I got back a few hours ago from my second of two High Holy Day rehearsals.
It felt very different than before. The music is in my breath and bones; I always knew it well, but the little crevices are now filled. Singing Shaharit this afternoon was like a deep friendship where you finish the other person's sentences and roll your eyes at their flaws, but always stick around with love and laughter. I was almost there last year, but we were still too polite. Now, the fifth time around, I can relax and wait for the other--the congregation, musicians, the very sound in the room--to give an expected answer, rather than be surprised by the response.
My concentration also seems to have deepened, for better or worse, and a few times this afternoon I had little sense of where I was, or even why. (I walked out of the Sanctuary thinking I had to get ready for Shabbat, and then remembered it was Sunday. Maybe I'm just tired, or starting to lose my mind.) But at the same time I was also more in control, completely aware of the flow and energy required and able to modulate it as needed.
At least I think I can do these things--once it happens for real, all bets are off. I didn't expect this feeling of reaching a new, unexplored level, and can only imagine the twists and turns ahead. It reminds me of being on a swing, my favorite activity as a kid, when I would hold on with all my strength and go as high as possible, always in control yet never so. I'd tilt my head back at the very top of the arc and see the world upside-down--still the same old sky, but also new and different.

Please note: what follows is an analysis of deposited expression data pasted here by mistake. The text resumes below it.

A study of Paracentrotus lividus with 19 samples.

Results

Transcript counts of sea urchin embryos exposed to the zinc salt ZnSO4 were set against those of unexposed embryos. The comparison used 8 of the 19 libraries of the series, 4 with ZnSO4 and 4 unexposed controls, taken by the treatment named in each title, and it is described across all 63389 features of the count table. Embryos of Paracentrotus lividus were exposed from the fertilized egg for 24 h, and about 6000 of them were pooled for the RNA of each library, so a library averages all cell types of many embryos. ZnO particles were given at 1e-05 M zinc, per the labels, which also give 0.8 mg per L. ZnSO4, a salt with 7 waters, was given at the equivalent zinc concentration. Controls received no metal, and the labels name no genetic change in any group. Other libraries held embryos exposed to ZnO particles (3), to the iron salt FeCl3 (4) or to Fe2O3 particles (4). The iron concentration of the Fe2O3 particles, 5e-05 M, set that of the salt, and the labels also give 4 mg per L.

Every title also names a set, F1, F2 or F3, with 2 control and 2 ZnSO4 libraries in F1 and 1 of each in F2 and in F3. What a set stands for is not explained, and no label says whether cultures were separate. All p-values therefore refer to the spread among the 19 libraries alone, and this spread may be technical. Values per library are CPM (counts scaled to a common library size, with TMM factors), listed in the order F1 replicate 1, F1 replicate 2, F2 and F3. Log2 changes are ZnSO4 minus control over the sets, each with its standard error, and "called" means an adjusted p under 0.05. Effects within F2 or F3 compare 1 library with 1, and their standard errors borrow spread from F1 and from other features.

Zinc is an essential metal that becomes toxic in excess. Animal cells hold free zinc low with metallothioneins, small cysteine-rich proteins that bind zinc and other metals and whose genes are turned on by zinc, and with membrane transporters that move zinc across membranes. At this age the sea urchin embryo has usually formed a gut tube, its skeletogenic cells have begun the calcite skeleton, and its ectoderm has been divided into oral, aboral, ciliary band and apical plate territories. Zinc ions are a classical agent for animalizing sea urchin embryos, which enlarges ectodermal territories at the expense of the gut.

Today also tilted in a better direction since this morning's post: my friend and I made up; my other friend's aunt will be OK; I stopped procrastinating and sat down to write; no cold at the moment, knock wood; and I'm set for Tuesday dinner, thanks to a roving farmer's market that practically slapped me in the face at my doorstep. Worried about food? said God. Relax, I'll bring it here. I now have an amazing apple pie from a Southern-style bakery in Harlem, and perfect kosher pickles from the Lower East Side, so that my friends and I can welcome in a wonderfully sweet (and sour) new year.